What The Colorado Campaigns Are Focused On In These Final Days
Election Day is less than a week away, and campaigns for close races for U.S. Senate and Governor are making their final pitch to voters. In order to get a sense of what could tip the balance in these tossup races for Governor and Senate, we picked the brains of reporters that work at the state capitol.
The most watched races in Colorado, the Governor's race and the battle for Colorado's U.S. Senate seat have been close. In the case of the Senate race – which many say could be crucial for a GOP takeover – a final Denver Post poll shows the contest deadlocked within the margin-of-error: 46 percent for Gardner, 44 percent for Udall. A similar final poll from the Post for the governorship says Hickenlooper and Beauprez are tied at 46 percent a piece heading into Election Day.
In the roundtable is Ed Sealover of the Denver Business Journal, Peter Marcus from the Durango Herald and Megan Schrader, a reporter for the Colorado Springs Gazette.
Ed Sealover On The Governor's Race
"You have John Hickenlooper who has had four years, in which he has gotten some praise, in which he hasn't had controversies that are too enormous. I know some gun rights advocates are going to say that's not true, that was a huge deal. And Bob Beauprez. I think the dynamic for that one is going to be who has passion on their side."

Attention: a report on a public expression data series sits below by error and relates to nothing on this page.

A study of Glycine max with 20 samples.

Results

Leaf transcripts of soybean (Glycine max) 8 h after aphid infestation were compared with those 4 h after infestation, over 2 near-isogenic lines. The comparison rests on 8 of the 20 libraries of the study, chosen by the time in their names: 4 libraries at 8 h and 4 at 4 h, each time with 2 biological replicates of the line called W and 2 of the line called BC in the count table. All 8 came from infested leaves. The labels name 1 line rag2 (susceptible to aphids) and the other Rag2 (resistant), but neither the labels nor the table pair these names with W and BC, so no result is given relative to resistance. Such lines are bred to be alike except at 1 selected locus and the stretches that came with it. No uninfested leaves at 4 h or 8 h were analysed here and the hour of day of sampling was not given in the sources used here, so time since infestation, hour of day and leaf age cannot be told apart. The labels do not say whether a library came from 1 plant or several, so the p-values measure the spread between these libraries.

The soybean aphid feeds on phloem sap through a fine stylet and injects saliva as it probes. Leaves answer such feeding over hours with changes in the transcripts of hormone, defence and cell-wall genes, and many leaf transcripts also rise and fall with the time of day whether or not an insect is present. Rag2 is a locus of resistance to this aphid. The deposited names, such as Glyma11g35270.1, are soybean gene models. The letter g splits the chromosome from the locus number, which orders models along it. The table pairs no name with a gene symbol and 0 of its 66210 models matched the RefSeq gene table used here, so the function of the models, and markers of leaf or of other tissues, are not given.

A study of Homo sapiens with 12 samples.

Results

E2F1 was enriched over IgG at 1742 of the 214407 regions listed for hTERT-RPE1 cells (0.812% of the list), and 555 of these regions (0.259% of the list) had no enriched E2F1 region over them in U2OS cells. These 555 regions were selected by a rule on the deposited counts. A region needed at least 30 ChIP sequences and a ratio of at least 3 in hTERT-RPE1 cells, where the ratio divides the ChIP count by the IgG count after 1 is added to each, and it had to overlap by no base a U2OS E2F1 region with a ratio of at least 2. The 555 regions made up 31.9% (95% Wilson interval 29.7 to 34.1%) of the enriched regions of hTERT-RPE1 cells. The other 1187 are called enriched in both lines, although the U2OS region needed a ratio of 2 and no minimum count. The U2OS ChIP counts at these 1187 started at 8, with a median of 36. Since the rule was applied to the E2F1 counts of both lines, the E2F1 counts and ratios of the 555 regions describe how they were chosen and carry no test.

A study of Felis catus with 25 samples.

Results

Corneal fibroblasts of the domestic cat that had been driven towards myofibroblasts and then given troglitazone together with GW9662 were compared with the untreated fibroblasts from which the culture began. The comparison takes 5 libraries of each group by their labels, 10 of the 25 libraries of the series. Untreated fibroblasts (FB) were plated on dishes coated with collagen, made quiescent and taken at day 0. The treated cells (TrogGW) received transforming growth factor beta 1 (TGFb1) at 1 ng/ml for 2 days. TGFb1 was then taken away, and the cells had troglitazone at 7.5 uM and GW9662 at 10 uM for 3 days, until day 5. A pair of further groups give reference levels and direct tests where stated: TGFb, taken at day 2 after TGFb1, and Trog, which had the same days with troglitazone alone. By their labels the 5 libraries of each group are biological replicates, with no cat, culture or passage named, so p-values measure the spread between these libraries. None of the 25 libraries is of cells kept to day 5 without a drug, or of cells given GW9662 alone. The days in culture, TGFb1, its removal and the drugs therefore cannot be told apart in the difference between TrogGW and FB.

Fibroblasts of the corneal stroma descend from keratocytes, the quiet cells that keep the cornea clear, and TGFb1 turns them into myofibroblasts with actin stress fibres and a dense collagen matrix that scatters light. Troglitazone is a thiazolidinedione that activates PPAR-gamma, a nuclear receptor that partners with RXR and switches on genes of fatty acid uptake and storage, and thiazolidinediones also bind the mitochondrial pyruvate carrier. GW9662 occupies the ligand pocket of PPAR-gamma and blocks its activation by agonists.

Peter Marcus On Beauprez
"Bob Beauprez needed to run a perfect campaign to defeat Hickenlooper. Currently he's experience some blow back for having invoked slain prison chief Tom Clements. At some point does that tip the scales for voters who are so tired of this negativity?"
Sealover On Colorado's Close Senate Race
"The parties are trying to get their own out. At this point I don't know that Senator Udall or his challenger Congressman Cory Gardner are going for anyone other than there own party now. In fact, based on his ads I don't know that Udall is going after anyone but 22-39 year old female voters."
Megan Schrader On Mail In Ballots
"Obviously it's going to have a huge impact. No one is sure what that impact is going to be yet. Historically I think all mail in ballots tend to favor Democrats, but early on we've seen a huge surge from Republicans turning in ballots."